Collective Movements is a timely touring exhibition of traditional and contemporary First Nations creative practices that bring some of Victoria’s most exciting collections and collaborations back to the places that inspired them.
Collective Movement is curated by the deadly trio of Taungurung curator, artist and writer Kate ten Buuren, Lardil and Yangkaal artist and curator Maya Hodge and Boon Wurrung senior elder N’Arweet Professor Carolyn Briggs AM, with advice from Bundjalung, Muruwari and Kamilaroi artist and senior academic, Professor Brian Martin, Director of the Wominjeka Djeembana Indigenous Research Lab. The dynamic broad spectrum experience highlights the centripetal drive of First Nations People to come together to connect, share experience and expertise, and to build relationships that strengthen culture.
ten Buuren is passionate about the importance of Collective Movements as an affirmative presentation of ‘the roles that collectives play in carrying on cultural practices, bringing people together, supporting one another and advocating for Aboriginal and Torres Strait Islander cultural expression’.
She says, ‘Nothing happens in isolation and … the rich history of [First Nations] creative collaborations and the work that collectives have done ensures that we can do the work we do today.
‘There has always been so much activity in regional areas, in art centres, community spaces and around campfires and kitchen tables.’
She adds that N’arweet Carolyn Briggs was pivotal to ‘creating pathways of connections between groups … and shaping the stories that we would share through the exhibition, grounded in knowing that we are all connected – across peoples, art forms, places and materials.’
The value of site-specific regional touring becomes paramount. ‘It was essential to take this exhibition back to those places … to ensure the members of these groups and their families see the impact of their work and the ripple effects of it,’ says ten Buuren.
Alongside glorious historic works showing life-affirming creative collaborations, including beautiful Blak archival footage from We Iri, We Homeborn – Aboriginal and Torres Strait Islander Arts Festival (1996–99), the Collective Movements exhibition features impressive and innovative artwork commissioned by Monash University Museum of Art (MUMA).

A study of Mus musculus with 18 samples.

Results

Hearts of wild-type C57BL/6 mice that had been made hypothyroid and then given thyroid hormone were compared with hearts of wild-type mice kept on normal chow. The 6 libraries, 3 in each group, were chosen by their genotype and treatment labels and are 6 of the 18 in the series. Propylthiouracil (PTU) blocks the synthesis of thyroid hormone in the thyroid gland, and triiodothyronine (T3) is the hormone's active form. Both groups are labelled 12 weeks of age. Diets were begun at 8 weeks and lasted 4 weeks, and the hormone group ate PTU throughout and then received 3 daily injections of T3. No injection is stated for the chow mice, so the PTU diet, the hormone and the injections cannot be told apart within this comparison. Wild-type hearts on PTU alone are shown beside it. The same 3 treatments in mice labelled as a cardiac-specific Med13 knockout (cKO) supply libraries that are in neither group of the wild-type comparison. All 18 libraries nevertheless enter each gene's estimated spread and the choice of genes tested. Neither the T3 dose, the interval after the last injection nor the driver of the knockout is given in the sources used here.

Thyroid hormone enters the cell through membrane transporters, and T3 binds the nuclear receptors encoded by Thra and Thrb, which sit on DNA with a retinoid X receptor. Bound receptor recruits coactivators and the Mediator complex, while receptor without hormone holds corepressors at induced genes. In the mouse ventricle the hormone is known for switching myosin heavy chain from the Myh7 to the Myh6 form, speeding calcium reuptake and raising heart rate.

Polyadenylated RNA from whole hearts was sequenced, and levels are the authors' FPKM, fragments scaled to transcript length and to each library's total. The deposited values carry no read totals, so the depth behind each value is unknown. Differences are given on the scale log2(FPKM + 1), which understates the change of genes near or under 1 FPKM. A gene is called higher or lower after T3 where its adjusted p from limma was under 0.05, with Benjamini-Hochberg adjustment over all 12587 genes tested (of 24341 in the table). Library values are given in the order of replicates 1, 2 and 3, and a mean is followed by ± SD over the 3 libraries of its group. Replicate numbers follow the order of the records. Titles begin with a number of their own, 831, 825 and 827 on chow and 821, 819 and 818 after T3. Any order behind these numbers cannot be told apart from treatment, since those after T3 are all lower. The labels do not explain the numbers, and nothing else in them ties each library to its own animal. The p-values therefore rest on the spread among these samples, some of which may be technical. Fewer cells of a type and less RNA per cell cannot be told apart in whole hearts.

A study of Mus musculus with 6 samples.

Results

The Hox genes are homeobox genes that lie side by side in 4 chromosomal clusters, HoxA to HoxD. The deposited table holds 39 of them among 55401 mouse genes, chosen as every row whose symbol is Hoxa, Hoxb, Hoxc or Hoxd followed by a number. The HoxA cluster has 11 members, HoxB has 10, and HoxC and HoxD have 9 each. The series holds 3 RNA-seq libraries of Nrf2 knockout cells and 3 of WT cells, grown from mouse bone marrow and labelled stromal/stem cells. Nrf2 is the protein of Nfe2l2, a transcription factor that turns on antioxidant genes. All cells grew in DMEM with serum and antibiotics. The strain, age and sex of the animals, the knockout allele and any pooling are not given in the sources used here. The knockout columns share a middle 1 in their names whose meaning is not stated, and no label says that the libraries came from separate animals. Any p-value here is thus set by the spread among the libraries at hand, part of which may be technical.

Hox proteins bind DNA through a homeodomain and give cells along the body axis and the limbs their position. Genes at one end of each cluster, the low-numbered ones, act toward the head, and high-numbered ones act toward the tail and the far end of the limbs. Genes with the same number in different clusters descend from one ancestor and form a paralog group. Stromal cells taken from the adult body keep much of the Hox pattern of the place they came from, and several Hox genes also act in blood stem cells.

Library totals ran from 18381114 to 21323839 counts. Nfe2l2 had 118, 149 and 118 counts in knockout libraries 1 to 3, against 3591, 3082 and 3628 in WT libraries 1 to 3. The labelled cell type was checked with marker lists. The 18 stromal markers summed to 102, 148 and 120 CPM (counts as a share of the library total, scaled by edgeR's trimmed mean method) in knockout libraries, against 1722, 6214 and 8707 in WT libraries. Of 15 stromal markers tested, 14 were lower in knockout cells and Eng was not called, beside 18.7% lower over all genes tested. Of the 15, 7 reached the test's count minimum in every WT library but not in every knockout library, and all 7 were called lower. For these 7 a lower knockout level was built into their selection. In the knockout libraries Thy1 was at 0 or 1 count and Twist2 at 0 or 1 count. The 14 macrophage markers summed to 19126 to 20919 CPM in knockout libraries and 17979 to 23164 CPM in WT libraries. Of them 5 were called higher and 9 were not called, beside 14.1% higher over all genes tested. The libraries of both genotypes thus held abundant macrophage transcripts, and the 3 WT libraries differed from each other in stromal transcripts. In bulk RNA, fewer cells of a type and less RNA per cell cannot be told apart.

Both historically and in the present, it’s clear there is the indelible need for First Nations peoples to find a safe place to reconcile with the centrifugal force of colonisation. One of the commissions that reaches beyond Victoria is Our Place (2022), a wonderful 20-minute, five-channel video with stereo sound that takes us across the various home countries of Ensemble Dutala (Star Filled Sky, Yorta Yorta). The Ensemble grew from a Short Black Opera change-making initiative that created a space for aspiring First Nations classical musicians to speak truths, celebrate and nurture their passions, and in turn support one another as they carve spaces in the broader classical music space.
For Hodge the familial and community archives (physical and embodied) of Collective Movements ‘is where our sovereignty exists,’ she says. ‘It is a snapshot of how interconnected we are through waterways, familial lines, place and proximity to the stories we share, and the work we create. We look forward to seeing how these relationships, and practices, will continue to grow long after the tour.’
Collective Movements was developed by Monash University Museum of Art (MUMA) and is currently touring with NETS Victoria. It is being shown at Latrobe Regional Gallery until 22 October, followed by Mildura Arts Centre early 2024. It also features an outdoor presentation at Castlemaine Art Museum later this year.